This month’s CPI print may have just taken the worst case scenario for rate hikes off the table.

The headline number came in just below expectations at 8.5% versus the 8.7% expected. Core CPI, which strips out volatile food and energy prices that could be influenced by trading, also printed below expectations, coming in at 5.9% versus 6.1% expected.

But what the market really cares about are the month over month numbers, which signals whether inflation is still accelerating. Both monthly prints for July came in below expectations, with CPI including food and energy showing a 0.0% change from the previous month.



Markets were already expecting the monthly numbers to sharply decline from the previous month, meaning a slowdown was already expected. Not only has inflation slowed way faster than expected, but at the fastest pace since April 2020 at the start of the pandemic. Inflation could have just peaked.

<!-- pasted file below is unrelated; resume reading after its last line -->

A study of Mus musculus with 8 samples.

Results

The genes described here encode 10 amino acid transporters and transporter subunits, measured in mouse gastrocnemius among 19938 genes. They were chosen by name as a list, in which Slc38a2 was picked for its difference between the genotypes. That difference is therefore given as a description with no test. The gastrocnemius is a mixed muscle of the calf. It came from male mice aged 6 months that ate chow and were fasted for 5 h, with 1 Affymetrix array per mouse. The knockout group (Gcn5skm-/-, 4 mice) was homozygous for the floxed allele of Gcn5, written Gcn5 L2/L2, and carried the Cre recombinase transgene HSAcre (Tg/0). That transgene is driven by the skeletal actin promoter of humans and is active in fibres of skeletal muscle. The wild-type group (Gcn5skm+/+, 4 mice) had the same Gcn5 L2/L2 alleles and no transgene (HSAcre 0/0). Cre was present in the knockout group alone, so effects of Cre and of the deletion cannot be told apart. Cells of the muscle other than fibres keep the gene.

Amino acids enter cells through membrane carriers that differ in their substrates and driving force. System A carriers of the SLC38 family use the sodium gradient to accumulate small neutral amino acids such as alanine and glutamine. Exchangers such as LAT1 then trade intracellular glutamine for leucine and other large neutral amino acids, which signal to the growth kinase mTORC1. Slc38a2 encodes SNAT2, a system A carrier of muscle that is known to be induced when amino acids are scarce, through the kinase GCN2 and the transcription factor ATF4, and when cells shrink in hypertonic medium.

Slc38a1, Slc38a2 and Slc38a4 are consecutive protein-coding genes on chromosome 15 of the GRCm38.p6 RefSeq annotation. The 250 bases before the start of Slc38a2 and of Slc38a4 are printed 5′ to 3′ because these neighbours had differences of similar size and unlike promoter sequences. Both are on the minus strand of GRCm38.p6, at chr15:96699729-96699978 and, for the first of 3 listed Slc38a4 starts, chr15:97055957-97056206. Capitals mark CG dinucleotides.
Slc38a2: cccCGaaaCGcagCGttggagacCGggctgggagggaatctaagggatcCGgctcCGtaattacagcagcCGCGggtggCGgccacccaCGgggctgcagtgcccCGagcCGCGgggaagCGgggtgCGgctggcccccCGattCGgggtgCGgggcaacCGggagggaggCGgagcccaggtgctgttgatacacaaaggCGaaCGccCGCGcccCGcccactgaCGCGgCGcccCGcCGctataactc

In response, the 10 year Treasury dropped sharply by 10bps. Meanwhile, the 2 year Treasury nosedived, falling 17bps as the market adjusts its expectations for rate hikes at the Fed’s September meeting.

Prior to the data, markets were pricing in a 73% chance of a 75bp rate hike at the next FOMC meeting. Markets are now pricing in just a 45% chance.

Yesterday’s forward curve shows SOFR peaking at 3.63% in April 2023. Today, SOFR’s only expected to run up to 3.50% before retracing.

If you’re working on an upcoming floating rate financing requiring a rate cap, traders will likely be pricing caps defensively this morning due to the pop in volatility. However, costs should begin to recede noticeably once the dust begins to settle.